Photographing in Low Light Situations

When it comes to working in low light situations and taking photographs, there are a few things you might want to keep in mind if you’re starting off in photography.  Each situation you are in will be different.  Venues and performers all have different requirements and thus sometimes things are well lit, or sometimes it’s a nightmare.  Hopefully this will give you some ideas to help you take better photos in low light situations.

When I say find the light, I mean literally move yourself to where there is light or angles that the light is hitting that you can capture. Just because you’re sitting somewhere or placed somewhere, doesn’t mean you stay in that spot. If the shadows are horrible in your current spot, look around to where the light is better.  In terms of a dance floor, one corner might be well lit, and the rest of the floor could be too dark to photograph in/from.  So move yourself to that corner and that is where all your shots will come from, because that is the best light/area.  Is your performer or subject never in the light? Then you’re out of luck.

You should know your camera limits, and sometimes you might just need to push that ISO a little more.  Open that aperture and hope that angle works a little better with the lower depth of field.  Slow down that shutter a little more and increase your shot frequency and hope you catch that slight moment of pause in your subjects movements. Sometimes a performer/dancer will freeze on a note where those slower shutter speeds will be fine, but horrible during the rest. You need to push your camera and find the right moment for those settings to work, or broaden your acceptable settings just to get some shot, even if it’s not ideal.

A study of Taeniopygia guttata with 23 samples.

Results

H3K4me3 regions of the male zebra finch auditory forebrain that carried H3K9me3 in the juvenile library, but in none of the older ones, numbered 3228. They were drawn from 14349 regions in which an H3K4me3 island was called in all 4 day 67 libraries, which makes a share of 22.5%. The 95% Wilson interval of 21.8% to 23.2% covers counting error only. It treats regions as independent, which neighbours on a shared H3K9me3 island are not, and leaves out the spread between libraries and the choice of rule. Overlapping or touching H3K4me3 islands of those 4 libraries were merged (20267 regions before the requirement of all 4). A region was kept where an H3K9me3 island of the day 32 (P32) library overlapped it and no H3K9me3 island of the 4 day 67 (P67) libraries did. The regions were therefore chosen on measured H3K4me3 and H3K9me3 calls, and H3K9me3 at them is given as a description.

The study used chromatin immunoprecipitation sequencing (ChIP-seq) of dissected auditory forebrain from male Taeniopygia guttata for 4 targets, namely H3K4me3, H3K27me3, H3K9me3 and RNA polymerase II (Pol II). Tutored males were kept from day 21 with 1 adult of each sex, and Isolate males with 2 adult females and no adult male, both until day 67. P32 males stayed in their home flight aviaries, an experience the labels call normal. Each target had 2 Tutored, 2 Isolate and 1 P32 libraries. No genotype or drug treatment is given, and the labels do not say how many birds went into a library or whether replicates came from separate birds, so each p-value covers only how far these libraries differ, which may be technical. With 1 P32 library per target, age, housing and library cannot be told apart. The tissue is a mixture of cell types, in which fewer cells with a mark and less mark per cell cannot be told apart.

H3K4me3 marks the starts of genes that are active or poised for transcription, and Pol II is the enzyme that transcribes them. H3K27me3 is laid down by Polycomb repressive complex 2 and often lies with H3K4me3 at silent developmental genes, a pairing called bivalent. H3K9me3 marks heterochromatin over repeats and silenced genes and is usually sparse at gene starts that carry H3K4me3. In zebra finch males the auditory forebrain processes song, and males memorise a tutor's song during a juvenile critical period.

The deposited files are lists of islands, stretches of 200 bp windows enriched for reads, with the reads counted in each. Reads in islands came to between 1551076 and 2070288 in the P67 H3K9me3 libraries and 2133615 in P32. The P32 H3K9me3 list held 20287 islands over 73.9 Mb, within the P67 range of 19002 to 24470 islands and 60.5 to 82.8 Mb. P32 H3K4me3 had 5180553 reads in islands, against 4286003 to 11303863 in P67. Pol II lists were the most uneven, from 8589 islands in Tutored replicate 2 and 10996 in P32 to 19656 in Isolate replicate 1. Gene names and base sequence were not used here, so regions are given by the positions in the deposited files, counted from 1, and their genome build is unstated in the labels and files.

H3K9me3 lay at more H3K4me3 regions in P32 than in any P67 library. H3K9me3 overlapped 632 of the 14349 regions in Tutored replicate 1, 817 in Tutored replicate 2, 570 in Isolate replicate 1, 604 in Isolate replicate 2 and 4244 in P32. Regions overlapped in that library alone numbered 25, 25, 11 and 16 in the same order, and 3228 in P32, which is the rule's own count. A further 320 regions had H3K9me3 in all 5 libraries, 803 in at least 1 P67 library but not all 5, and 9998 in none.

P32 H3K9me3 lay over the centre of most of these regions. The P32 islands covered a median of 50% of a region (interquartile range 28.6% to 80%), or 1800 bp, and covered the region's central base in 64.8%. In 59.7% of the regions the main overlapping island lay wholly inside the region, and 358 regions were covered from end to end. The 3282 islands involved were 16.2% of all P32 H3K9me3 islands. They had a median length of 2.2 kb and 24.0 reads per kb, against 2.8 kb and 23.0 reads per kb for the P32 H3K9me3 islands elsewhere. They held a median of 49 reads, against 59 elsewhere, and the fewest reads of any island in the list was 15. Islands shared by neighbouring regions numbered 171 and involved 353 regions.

Sometimes motion blur can be fun to play with.  See if you can make a 1/2 second to 4 second exposure work to make something fun happen

Yes, better gear, particularly faster glass (F/1.x Lenses) will help.

A higher end camera can usually push your ISO settings higher and be better quality as well on equal ISO settings from a previous camera.

Yes, learn to use flash, this takes a lot of practice, but when you start to get used to it, you’ll wish you could use it almost all the time. BUT, many events wont allow it, so this usually isn’t an option, and sometimes people will be snarky because the flash is interrupting said performance/event.  They are distracting to patrons.

A big point though, bad flash photography is a thing, and unless you do know what you’re doing, DO NOT USE IT. You don’t want to be known as the person that takes bad flash photos that interrupts and annoys people. Having proper flashes/diffusers and knowing your settings and really knowing it is the only time you should use it.

Yes you can fix many things in post, including fixing your exposure. Chances are you’ll be adjusting something anyways, so learning to edit afterwards is helpful.  You need to be somewhat close though in your exposure, if you’re too many stops away, guess what, there is no saving it if the data isn’t there.

Shooting in RAW I would consider a requirement all the time, because it has more data and you have a chance on saving something afterword’s if you can’t quite get it good enough in camera.  A proper in camera exposure is the best case though.